Dallas Road, NW4 Dallas Road is a road running parallel to the Midland railway and M1. M1, NW4 The M1, as it enters the NW4 postcode, is the southernmost section of this motorway. Pollard Road, NW9 Pollard Road was urbanised in the final decades of the nineteenth century. Ramsay Road, NW9 Ramsay Road was the northernmost of a series of disappeared streets in West Hendon. Ramsey Close, NW9 Ramsey Close consists of two storey semi-detached houses built in the 1980s. Station Road, NW4 Station Road led from the centre of Hendon village to its first station and to the Edgware Road. Station Road, NW9 Station Road was formerly called Burroughs Lane and led from the Burroughs to Edgware Road south of Silk Bridge.
West Hendon - or New Hendon to the older folk. Or The Hyde to those older folk's grandparents.
West Hendon was a settlement within that part of the ancient parish of Hendon known as the Hyde, and is now a part of the London Borough of Barnet.
It was formally known, from 1878–1890, as New Hendon, a small railway development on the Edgware Road. Before the 1830s there were three farms, Upper and Lower Guttershedge (east of the road) and Cockman’s in the Wood (west of the road) and an inn, The Welsh Harp. Between 1835 and 1838, the Brent Reservoir was constructed by damming the Brent and the Silk brooks and flooding much of Cockman’s Farm. The water was used to supply the Grand Union Canal. At its greatest extent, in 1853, it covered 400 acres but was dramatically reduced to 195 acres in the 1890s. Subsequently it has been reduced to 110 acres. It contains enough water to fill 3 million baths and in 1991 was believed to contain 10,000 lb of fish.
The residue of Cockman’s Farm became Woodfield House, home to the Roman Catholic Passioist Fathers (1852 and 1858). The house was demolished in 1940 and the site used by the Borough of Hendon and its successor the London Borough of Barnet as a plant nursery.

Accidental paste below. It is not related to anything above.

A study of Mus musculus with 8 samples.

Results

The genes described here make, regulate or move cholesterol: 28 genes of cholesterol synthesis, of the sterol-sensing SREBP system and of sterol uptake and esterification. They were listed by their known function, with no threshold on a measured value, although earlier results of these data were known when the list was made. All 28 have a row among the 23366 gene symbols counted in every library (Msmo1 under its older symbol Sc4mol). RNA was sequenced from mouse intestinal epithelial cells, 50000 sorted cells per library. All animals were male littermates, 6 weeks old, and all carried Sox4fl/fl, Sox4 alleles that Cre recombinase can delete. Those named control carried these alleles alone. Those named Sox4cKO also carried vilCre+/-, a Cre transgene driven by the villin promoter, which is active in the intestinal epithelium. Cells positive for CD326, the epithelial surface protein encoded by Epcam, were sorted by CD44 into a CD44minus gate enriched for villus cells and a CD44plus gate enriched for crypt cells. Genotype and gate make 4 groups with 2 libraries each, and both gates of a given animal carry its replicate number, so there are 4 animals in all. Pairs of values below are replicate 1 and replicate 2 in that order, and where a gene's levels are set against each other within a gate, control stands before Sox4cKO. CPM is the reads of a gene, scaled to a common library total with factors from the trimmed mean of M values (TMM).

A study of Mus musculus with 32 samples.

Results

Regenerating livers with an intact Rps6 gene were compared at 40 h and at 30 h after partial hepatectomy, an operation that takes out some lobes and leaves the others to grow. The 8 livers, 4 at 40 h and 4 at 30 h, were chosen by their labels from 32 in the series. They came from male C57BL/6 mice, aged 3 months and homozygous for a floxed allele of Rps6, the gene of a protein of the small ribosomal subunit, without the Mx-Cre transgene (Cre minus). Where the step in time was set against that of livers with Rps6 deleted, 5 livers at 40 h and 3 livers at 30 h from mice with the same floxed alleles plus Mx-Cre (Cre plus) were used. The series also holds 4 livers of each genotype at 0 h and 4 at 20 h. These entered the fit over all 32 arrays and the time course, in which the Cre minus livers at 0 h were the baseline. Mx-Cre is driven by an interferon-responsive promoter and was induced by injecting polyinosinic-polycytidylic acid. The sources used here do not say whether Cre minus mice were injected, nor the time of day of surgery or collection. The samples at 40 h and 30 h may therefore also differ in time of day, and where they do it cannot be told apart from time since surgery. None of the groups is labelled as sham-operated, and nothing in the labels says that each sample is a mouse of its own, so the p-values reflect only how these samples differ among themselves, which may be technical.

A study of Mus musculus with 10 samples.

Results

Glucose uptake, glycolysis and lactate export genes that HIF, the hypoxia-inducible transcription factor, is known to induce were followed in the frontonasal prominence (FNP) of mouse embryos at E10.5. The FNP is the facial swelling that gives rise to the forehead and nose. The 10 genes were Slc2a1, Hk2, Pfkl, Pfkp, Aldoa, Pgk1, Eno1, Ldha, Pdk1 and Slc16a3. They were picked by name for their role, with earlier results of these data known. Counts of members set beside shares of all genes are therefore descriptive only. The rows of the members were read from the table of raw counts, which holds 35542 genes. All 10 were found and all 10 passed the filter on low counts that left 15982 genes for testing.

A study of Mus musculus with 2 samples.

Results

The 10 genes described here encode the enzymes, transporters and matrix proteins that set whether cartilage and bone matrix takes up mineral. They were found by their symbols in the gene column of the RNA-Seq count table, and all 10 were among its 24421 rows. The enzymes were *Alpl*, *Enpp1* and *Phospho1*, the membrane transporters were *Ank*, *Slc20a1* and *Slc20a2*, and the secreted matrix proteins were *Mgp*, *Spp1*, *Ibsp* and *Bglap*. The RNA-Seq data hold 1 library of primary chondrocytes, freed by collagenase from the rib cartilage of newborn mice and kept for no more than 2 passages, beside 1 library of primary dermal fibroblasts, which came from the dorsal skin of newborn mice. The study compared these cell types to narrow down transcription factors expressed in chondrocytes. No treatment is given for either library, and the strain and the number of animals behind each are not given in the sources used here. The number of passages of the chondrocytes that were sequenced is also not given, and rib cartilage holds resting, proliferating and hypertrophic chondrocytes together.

Originally The Harp and Horn (c1750s), The Welsh Harp was rebuilt in 1859 and again in 1937, before finally being pulled down in 1970 to make way for the M1
. During the 1960s, it was known as The Lakeside Scene and hosted some of the great rock and blues bands of the day, such as the Yardbirds. From 1859 until the end of the century it was run by the Warner brothers, and the reservoir became a centre for all sorts of sporting events such as ice skating, swimming and angling; it was, until 1878, the Kingsbury Race Course and the first mechanical hare in greyhound racing was used there in 1876. By 1850, there was a second public house, the Upper Welsh Harp. At its height in the mid-1880s crowds in excess of 25,000 people could be expected on a Bank Holiday weekend.
Two railway stations were opened, both of the Midland Railway: Hendon (1868), and Welsh Harp (1870). A local builder called Bishop laid the first brick of a new terrace called Neeld Terrace (1881), which heralded the start of New Hendon. Brent Vue was built on land originally owned by the Midland Company. In 1885, the Baptists had a mission hall and their present hall was opened in 1930. By 1886, there were 200 new houses and the Anglican church of St. John’s was built.
In 1896 Schweppes opened a large mineral water factory, and the present Anglican church of St. John’s was established in Algernon Road
. With a planned tram line along the West Hendon Broadway
due to open in 1904, Welsh Harp station was closed in 1903, and West Hendon became a thriving Edwardian retail district until overshadowed by Golders Green.
During World War II, on 13 February 1941, the Luftwaffe dropped an SC2500 Maximum Heavy Explosive bomb (equivalent to two V2 rockets), killing 80 people and destroying 40 houses in an area west of the Edgware Road. This area was completely redeveloped in the 1960s.